Three Environmental Books to Get You Through Winter

One of my favourite things to do during the winter is to curl up under a cozy blanket and get lost in a good book! Last year, I challenged myself to fill my personal library with more non-fiction, and read more environmental books. With everyone spending more time at home than usual, I thought I would share with you some recent nature-reads that I absolutely loved!


Tree: A Life Story, by David Suzuki and Wayne Grady

For many, David Suzuki is synonymous with conservation in Canada! His lifelong career spans decades of broadcast television work and writing more than fifty books connecting humans with nature. In this book, he takes the story of a single Douglas fir tree (Pseudotsuga menziesii) located next to his cottage in British Columbia and builds an epic tale that encompasses all life on Earth.

Personally, the biggest takeaway from this book was appreciating how different time works in the life of trees compared to a human’s. It’s incredible to think that the roughly-400-year-old tree in this book began growing as William Shakespeare was writing King Lear! Since our lives move so much faster in comparison, we often fail to appreciate the richness of the lives of trees!

If you want to gain a deeper understanding of trees and forests, then do yourself a favour and pick up this book!


The Forest Unseen: A Year’s Watch in Nature, by David George Haskell

The saying “miss the forest for the trees” implies that one cannot understand or appreciate the larger picture when focused on a few details. David George Haskell aims to challenge this notion by spending an entire year observing a one square metre plot in an old-growth forest in Tennessee. What one assumes would be a dull book bursts to life with stories about birth, death, partnership and deception!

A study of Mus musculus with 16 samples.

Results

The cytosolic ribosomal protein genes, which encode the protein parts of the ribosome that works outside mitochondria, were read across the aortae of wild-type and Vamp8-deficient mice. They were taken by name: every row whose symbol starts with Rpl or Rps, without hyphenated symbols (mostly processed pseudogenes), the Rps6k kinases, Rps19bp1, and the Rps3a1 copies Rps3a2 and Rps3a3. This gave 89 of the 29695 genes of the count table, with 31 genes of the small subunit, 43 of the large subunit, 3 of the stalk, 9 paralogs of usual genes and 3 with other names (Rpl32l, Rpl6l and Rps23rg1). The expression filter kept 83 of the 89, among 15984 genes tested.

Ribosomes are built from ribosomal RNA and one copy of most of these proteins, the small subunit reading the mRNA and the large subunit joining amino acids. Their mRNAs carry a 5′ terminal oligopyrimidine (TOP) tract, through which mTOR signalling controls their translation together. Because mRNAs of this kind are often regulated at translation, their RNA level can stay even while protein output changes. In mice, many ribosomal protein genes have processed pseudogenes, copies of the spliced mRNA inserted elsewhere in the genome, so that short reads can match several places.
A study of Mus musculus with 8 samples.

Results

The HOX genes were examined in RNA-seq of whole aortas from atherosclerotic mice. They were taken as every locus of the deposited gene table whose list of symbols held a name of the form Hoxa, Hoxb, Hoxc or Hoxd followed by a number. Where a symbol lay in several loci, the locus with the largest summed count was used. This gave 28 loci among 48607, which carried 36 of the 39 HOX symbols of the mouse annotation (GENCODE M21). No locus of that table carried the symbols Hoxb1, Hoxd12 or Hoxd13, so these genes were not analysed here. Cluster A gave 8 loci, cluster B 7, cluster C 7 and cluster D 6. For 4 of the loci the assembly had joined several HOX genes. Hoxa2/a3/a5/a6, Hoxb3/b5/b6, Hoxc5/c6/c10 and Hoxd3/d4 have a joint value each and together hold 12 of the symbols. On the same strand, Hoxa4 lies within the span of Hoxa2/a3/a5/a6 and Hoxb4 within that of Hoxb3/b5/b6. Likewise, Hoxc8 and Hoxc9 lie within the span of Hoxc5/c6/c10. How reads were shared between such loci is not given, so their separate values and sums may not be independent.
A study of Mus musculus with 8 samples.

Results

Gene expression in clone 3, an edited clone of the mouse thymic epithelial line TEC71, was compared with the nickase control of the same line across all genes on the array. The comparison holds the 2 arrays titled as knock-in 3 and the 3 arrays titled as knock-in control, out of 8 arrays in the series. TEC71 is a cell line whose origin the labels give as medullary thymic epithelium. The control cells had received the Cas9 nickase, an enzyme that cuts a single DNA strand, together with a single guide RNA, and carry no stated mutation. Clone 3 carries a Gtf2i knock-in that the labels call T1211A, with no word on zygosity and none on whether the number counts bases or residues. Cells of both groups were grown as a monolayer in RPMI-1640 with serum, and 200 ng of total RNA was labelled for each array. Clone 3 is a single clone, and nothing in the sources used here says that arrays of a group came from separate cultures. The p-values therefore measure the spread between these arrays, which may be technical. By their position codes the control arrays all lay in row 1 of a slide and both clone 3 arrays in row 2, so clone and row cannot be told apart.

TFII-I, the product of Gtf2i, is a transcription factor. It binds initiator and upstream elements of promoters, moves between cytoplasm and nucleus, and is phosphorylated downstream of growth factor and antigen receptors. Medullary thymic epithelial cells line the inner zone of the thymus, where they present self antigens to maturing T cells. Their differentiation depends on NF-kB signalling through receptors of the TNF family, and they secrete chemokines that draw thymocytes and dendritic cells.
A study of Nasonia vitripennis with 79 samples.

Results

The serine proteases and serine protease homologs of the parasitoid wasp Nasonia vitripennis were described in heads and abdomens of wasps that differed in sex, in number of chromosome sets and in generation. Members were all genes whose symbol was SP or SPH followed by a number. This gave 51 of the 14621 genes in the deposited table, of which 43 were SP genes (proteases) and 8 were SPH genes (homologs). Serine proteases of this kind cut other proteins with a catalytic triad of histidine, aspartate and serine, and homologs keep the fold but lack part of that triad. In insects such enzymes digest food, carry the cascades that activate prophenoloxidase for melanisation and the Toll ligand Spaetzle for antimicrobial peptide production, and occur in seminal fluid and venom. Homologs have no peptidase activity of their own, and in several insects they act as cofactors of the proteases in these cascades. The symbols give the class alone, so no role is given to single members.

After reading this book, you see the world around you through a different lens. The mundane becomes opportunities for discovery! Even if you aren’t close to an old-growth forest, this book inspires you to take a closer look at the nature around you.


The Sixth Extinction: An Unnatural History, by Elizabeth Kolbert

Research shows that we are currently living through the Earth’s sixth mass extinction, and it is being caused by us. What happened to the five extinctions before this? How do we define what a mass extinction is? Can we learn from past events to help us understand how we can improve our situation today? Elizabeth Kolbert dives deep into these questions and unearths a series of tales that are both gripping and thought-provoking.

Through this book, Elizabeth holds up a mirror to our past and present circumstances to ask us: what do we want our legacy to be? The stories in this book will not only enrich you with knowledge, but also push you to take action.

I hope you enjoy these books and that they help you beat the winter blues! All of these books are available from wherever you buy books, but, if you can, please support your local, independent bookstores.


Brian Millward is the Stewardship Coordinator at LEAF.